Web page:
Compared to First Nations people, who have lived in Victoria for at least 10,000 years, and inhabited many of Victoria’s iconic spots, including the Inner Harbour, Beacon Hill Park, Willows Beach and Cadboro Bay, European settlers have resided here for just a short period of time. Victoria’s rapid growth over the past 150 years, from Gold Rush boomtown and HBC outpost to its current incarnation as high-tech Tectoria has meant that much of its heritage is hidden.
However, Victoria has plenty of lovingly restored heritage houses, many within walking distance of each other. Here are just a few:
Built by Dr. John Sebastian Helmcken, a surgeon with the Hudson’s Bay Company, Helmcken House is one of the oldest houses in British Columbia still on its original site, not part of the Royal BC Museum precincts.
Craigflower Farmhouse and School
Built in 1856, Craigflower Farmhouse is the third oldest house in British Columbia, and Craigflower School is oldest schoolhouse in western Canada! With beautiful restored interiors looking like the day the family moved in, Craigflower is preserved and presented by The Land Conservancy of British Columbia.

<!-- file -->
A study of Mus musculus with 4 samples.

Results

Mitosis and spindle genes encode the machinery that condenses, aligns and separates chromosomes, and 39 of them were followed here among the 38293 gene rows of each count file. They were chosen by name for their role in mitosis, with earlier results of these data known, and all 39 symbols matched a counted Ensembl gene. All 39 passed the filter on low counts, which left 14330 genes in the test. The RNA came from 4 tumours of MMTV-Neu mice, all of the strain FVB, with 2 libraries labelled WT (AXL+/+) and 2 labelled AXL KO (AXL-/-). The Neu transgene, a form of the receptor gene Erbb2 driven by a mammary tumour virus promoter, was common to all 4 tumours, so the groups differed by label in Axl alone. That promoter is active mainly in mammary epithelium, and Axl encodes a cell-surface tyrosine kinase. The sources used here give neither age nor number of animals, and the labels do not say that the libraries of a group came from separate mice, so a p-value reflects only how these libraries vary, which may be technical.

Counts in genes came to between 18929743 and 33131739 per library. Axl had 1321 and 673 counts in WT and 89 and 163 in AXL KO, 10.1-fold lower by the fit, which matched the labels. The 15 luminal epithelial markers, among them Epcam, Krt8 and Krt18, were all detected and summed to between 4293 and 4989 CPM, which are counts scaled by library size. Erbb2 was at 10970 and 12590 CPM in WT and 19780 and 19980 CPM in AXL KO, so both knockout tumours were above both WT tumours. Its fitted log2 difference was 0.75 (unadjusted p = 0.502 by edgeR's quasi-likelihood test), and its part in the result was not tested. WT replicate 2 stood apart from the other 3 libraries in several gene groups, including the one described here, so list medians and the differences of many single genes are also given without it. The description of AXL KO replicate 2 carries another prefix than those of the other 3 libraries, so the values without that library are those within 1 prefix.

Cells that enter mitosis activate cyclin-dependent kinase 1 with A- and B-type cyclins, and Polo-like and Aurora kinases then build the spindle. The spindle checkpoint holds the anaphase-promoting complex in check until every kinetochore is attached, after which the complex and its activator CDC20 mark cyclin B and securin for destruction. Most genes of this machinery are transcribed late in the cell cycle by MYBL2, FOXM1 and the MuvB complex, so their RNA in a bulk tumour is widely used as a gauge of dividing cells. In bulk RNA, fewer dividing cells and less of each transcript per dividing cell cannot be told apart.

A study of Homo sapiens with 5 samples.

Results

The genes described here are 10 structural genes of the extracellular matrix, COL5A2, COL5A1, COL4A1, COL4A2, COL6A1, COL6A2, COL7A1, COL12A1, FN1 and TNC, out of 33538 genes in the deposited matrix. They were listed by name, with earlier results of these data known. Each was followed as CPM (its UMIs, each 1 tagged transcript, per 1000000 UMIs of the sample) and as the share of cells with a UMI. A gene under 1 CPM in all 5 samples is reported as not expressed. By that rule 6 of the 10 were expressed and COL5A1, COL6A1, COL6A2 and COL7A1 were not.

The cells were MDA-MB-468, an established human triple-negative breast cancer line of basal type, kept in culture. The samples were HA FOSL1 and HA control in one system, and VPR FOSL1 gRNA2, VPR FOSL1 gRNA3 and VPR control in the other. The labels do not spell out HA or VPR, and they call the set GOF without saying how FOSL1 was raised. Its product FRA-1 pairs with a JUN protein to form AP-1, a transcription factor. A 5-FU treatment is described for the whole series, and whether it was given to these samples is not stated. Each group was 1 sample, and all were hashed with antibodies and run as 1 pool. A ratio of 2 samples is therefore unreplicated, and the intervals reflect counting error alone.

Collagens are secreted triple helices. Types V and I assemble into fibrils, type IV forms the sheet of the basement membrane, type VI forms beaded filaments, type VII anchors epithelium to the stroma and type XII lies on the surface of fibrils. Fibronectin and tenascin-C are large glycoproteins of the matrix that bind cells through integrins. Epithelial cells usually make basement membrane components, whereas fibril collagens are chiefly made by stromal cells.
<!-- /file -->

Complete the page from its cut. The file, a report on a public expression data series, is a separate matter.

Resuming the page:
Emily Carr House
Birthplace of one of Canada’s most renowned creative figures, this painstakingly restored Victorian villa is the wellspring for celebrated artist and author Emily Carr. In her spirit our People’s Gallery often features exhibitions of contemporary art. Prints of Emily’s paintings are always on display.
Ross Bay Villa
Ross Bay Villa is one of fewer than a dozen 1860s houses left in the City of Victoria. Built in 1865, the one-story residence is remarkably intact, retaining almost all of its original detailing, both inside and out. The design of the house is in a restrained Gothic Revival style with exterior elements including modest but finely made wood Gothic trefoil detailing on the porch, unusual champhered detailing on the exterior window frames, decorative turned finials at the roof peaks and a rare double-flue chimney.
Point Ellice House
Built in 1861, Point Ellice House is one of the only known surviving pioneer home in Victoria with many household items and furnishings that were used by three generations of one family, for over 108 years.